Barbara Samuel makes middle age look sexy, and for that alone I have to admire (and thank) her. She also writes beautiful love stories about flawed but admirable characters who deserve the happiness they struggle to achieve. A Piece of Heaven, Samuel’s second hardcover Women’s Fiction novel, reaches the same high standard she set in No Place Like Home.
The New Mexico full moon awakens Luna McGraw from an uneasy sleep. Tomorrow her fifteen-year-old daughter Joy will be arriving from Atlanta. Although Luna’s ex-husband has had custody for the past eight years, he has finally agreed to let Joy return to her mother because he can no longer deal with the teenager’s rebellious behaviors. An alcoholic who has been sober for four years, Luna is grateful for the second chance to be a good mother. She doesn’t need any more complications in her life, but when she smells smoke during that sleepless night and rescues an elderly neighbor from a house fire, she runs smack into the biggest complication of them all.
The neighbor’s grandson is Thomas Coyote, an adobe layer whom Luna has quietly admired from afar for months. Learning that the object of her crush is just as sexy in reality as in her fantasies is a mixed blessing. Thomas is twice-divorced and possibly still in love with his second ex-wife, who is now married to his younger brother. Luna is trying to put her life together and needs all of her energy to care for Joy. But their attraction won’t be denied, and Luna has to decide if she is ready to move past the hurt she has experienced and the mistakes she has made to take one more chance on a relationship.
Samuel’s portrayal of Luna is so perfectly composed that you would swear she is sitting next to you in the flesh. Once an overachieving professional with a master’s degree in counseling, Luna starting drinking as her marriage collapsed and hit rock bottom when she lost her daughter, her career and her driver’s license. Now underemployed as a grocery store florist, she’s at a crossroads where she must make peace with her past, forgive herself and decide how she will move ahead. She has the help of her best friend, her mother and the voices of the Barbie dolls of her youth who both encourage and criticize her. This quirky habit of hearing the inner voices of “Therapist Barbie” and “Best Friend Barbie,” along with Luna’s very palpable yearning for a cigarette, endear her to the reader (Note: the only people who might want to stay away from this novel are those who have just quit smoking. Even a non-smoker like myself wanted a cigarette after reading the vivid descriptions of Luna’s nicotine cravings).
Thomas doesn’t have quite as many demons chasing him as Luna does, but he has his own scars as well, both literal and figurative. His frail and now homeless grandmother, Placida, lives with him, and he also rents a room to Tiny, a member of his adobe crew who has a volatile, dangerous relationship with his wife. Thomas feels responsible for Tiny and Placida, and he is still hurting from his ex-wife’s betrayal, but he likes what he sees in Luna and doesn’t believe in waiting. With long hair and a slightly rounded stomach that somehow makes him even more sexy, it’s easy to see why Luna was fixated on him for so long. After a particularly hot necking session, he tells Luna, “When I look at you, I can breathe…it’s been a long time since I could.” Luna manages to think, “it this was a line, it was the best one she had ever heard,” and I could only echo that sentiment, while fanning myself frantically. Luna and Thomas’ scenes together are passionate and earthy, showing that two middle-aged people with imperfect bodies can still cause a hell of a spark when they’re together.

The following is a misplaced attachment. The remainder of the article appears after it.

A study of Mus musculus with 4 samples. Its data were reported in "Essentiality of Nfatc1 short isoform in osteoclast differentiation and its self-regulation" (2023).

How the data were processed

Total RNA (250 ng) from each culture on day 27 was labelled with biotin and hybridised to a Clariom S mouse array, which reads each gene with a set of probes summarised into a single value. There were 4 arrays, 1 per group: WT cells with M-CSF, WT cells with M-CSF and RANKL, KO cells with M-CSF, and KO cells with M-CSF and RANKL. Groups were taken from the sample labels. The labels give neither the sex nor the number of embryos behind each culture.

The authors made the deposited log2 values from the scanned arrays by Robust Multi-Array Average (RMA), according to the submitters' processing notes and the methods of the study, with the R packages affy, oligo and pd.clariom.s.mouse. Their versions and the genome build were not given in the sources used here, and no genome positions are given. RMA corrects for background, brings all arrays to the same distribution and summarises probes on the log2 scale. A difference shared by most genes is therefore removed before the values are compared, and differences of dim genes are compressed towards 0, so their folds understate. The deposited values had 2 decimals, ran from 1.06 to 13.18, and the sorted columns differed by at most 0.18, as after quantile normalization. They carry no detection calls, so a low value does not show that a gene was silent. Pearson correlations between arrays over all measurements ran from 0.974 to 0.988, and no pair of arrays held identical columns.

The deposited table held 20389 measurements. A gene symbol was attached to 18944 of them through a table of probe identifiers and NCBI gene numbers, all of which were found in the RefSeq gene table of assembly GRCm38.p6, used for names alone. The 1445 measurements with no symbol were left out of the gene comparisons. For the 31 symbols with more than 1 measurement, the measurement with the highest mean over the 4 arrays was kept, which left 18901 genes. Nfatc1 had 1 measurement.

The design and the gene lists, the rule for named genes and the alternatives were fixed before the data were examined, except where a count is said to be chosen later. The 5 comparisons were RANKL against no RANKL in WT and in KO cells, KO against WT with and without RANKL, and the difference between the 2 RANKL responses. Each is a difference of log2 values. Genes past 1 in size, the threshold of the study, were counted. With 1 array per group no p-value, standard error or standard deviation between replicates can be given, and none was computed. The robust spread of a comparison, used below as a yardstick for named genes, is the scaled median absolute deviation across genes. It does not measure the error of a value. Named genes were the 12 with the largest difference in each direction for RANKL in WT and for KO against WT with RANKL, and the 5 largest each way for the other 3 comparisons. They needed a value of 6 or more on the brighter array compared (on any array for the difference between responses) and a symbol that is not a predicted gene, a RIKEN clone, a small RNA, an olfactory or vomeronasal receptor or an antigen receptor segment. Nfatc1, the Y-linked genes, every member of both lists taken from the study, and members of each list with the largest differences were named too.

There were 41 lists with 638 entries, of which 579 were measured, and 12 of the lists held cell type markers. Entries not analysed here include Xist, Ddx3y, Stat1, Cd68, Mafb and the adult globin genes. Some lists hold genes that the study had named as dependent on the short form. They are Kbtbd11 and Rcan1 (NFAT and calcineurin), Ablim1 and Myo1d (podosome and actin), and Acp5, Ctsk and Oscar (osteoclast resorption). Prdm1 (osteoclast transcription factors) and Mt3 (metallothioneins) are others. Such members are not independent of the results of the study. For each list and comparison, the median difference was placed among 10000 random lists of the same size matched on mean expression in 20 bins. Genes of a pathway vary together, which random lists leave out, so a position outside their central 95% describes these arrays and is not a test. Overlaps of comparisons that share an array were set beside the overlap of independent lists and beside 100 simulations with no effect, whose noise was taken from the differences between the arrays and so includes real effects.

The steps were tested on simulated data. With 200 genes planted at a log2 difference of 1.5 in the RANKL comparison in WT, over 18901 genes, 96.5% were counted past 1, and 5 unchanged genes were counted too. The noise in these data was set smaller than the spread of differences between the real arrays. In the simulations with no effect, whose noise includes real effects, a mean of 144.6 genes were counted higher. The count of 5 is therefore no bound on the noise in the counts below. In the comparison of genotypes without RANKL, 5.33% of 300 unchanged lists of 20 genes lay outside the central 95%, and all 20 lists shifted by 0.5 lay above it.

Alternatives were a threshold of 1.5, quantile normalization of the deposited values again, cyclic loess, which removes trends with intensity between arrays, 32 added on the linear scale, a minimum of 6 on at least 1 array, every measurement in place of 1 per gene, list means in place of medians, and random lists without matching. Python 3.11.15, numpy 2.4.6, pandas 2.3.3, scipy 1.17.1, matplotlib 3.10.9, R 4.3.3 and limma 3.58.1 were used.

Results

Two additional characters add complexity to the plot. Luna’s daughter, Joy, arrives from Atlanta with Kool-Aid-red dyed hair and body piercings galore, but she isn’t as troubled as she looks. Other than fairly normal adolescent griping, she’s eager to stay with Joy and re-establish a relationship with her mother. She befriends Maggie, a young Latino who has been in a tailspin since the sudden death of her father. Maggie’s poignant entries in a journal she dedicates to the dead rapper Tupac Shakur provide the means for Luna to eventually rediscover her calling to help other people.
I’m not a visual person, but A Piece of Heaven offers one of the prettiest front covers I’ve seen, and Southwest native Samuel paints a colorful picture inside of the New Mexico mountains, along with little snippets of Taos, Indian, Mexican and Catholic heritage that give the novel a very strong sense of place.
Although the middle third of the novel sags a bit, overall this is a very strong follow-up to Samuel’s successful hardcover debut, with equal parts laughter and tears. Any novel that can make middle-aged passion look so good is more than a piece of heaven, it’s a blessing.